When Donald Trump was elected US president four years ago, Florian Philippot, a French National Front apparatchik and – at the time – a close ally of far-right leader Marine Le Pen, tweeted: “Their world is collapsing. Ours is being built.”
Now that Biden has won the presidency, European populists have lost the most visible champion of their worldview. In many ways, the outgoing US president’s politics – his unabashed style, overt distaste for multilateralism and multiculturalism, his unsubtle appeals to the politics of white resentment – were trialled by European leaders such as Le Pen’s father Jean-Marie decades earlier.
But where Trump won the Republican nomination by trampling on norms and precedents – “saying the quiet part out loud”, as the quip goes – European populists more commonly pursued power by cultivating an aura of polite respectability. They promised that they had changed; that they were no longer the parties of skinheads and goose-stepping thugs; that they could be trusted with the keys to sacred institutions. Marine Le Pen’s long dédiabolisation (de-demonisation) campaign was intended to signal just that.
In most cases, they never quite succeeded – witness the consistent, though narrowing, electoral repudiations of Le Pen and Geert Wilders, the Dutch far-right leader – but they did get closer to the levers of power. In a few cases they made it into government, such as in Austria, where the far-right Freedom Party served in Sebastian Kurz’s coalition until it spectacularly imploded following a corruption scandal. Most visibly, in Hungary, Viktor Orbán holds an unassailable grip on power and revels in positioning himself at the forefront of what he views as a Manichean battle between Christendom and Islam.
The crucial distinction here is between the populists who have made it into government, such as Orbán, and those who have experienced power only fleetingly, if at all. For the former, Trump turned out to be mostly a boon. The president was happy to deal with eastern European leaders, such as Orbán, those who have long been unpopular in western European capitals. Trump’s election served as vindication in view of their electorates that the backlash against globalism was a worldwide phenomenon. Orbán said before the election that a Trump win was his “plan A”.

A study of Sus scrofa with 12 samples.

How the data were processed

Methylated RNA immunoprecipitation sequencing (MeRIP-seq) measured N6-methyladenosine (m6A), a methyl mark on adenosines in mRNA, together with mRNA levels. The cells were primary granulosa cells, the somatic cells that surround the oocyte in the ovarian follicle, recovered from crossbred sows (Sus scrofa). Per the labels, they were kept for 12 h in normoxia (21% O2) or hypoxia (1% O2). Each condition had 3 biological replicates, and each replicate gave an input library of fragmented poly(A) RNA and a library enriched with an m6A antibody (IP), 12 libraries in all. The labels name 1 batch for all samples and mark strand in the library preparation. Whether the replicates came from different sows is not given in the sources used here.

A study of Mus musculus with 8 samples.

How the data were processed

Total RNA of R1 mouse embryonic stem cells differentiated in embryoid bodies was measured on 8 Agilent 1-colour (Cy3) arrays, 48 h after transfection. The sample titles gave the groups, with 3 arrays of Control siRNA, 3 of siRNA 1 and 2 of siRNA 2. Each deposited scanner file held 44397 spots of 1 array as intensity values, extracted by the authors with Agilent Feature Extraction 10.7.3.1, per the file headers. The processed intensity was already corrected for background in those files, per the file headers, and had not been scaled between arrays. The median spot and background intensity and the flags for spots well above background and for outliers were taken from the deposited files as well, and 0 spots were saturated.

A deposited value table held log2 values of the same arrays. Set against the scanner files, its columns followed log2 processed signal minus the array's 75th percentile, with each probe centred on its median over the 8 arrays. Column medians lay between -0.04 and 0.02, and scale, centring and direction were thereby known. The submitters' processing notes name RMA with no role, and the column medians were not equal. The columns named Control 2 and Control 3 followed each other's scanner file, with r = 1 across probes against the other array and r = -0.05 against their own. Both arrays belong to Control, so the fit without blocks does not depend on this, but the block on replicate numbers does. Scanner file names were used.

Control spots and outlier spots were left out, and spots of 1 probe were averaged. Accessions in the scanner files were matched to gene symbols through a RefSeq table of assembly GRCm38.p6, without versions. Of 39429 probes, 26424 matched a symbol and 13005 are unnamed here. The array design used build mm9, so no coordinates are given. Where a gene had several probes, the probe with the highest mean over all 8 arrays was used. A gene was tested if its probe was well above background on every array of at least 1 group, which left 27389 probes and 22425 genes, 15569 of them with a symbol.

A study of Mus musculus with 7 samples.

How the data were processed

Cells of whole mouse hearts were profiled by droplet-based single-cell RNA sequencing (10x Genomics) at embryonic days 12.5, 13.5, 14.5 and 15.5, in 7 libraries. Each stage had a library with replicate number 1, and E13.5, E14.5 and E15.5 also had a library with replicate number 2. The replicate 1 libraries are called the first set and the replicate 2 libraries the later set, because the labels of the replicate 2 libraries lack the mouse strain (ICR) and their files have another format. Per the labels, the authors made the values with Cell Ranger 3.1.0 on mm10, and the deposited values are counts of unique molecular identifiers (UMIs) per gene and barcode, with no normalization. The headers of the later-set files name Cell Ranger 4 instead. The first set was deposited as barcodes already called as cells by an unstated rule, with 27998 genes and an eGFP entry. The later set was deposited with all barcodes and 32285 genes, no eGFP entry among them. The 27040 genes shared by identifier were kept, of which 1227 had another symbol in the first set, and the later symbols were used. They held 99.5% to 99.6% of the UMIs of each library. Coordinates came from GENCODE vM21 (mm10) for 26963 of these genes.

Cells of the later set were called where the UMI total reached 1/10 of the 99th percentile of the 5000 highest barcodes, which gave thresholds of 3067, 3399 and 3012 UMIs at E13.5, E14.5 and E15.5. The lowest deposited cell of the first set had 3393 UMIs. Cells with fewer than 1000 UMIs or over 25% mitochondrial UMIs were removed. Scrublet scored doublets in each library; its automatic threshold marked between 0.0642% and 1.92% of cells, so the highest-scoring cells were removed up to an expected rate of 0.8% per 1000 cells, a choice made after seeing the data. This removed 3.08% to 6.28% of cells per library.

However, for the populists yet to grip the levers of power, such as Wilders, Trump was more a curse than a blessing. They didn’t so much disagree with him on the substance of his ideology, and many spent years railing against the EU, Nato, immigration – all preferred targets of the last White House incumbent. But his chaotic style, trampling over decorum and norms, turned off cautious European electorates from the politicians who hitched their wagons to the Trump train. Trump was historically unpopular among Europeans: just a fifth of French and 13 per cent of Germans expressed confidence in the president to “do the right thing” in a poll published earlier this year.
Few European voters, observing the chaos across the Atlantic, wished to replicate the spectacle in their own countries. Le Pen herself recognised this: having lost yet another election months after Trump came to office, she moderated her support for the incumbent four years later. Even among her voters, Biden is more popular than Trump.
Many European populists spent years cultivating an image of respectability, without significantly moderating their politics, only to tarnish that image by cheerleading for Trump. With the defeat of Trumpism – relatively narrowly in electoral college terms, resoundingly by the measure of the popular vote – those populist leaders will have lost the most visible champion of their worldview. But some must have breathed a sigh of relief as the result was called for Biden – a temporary setback while they build their world.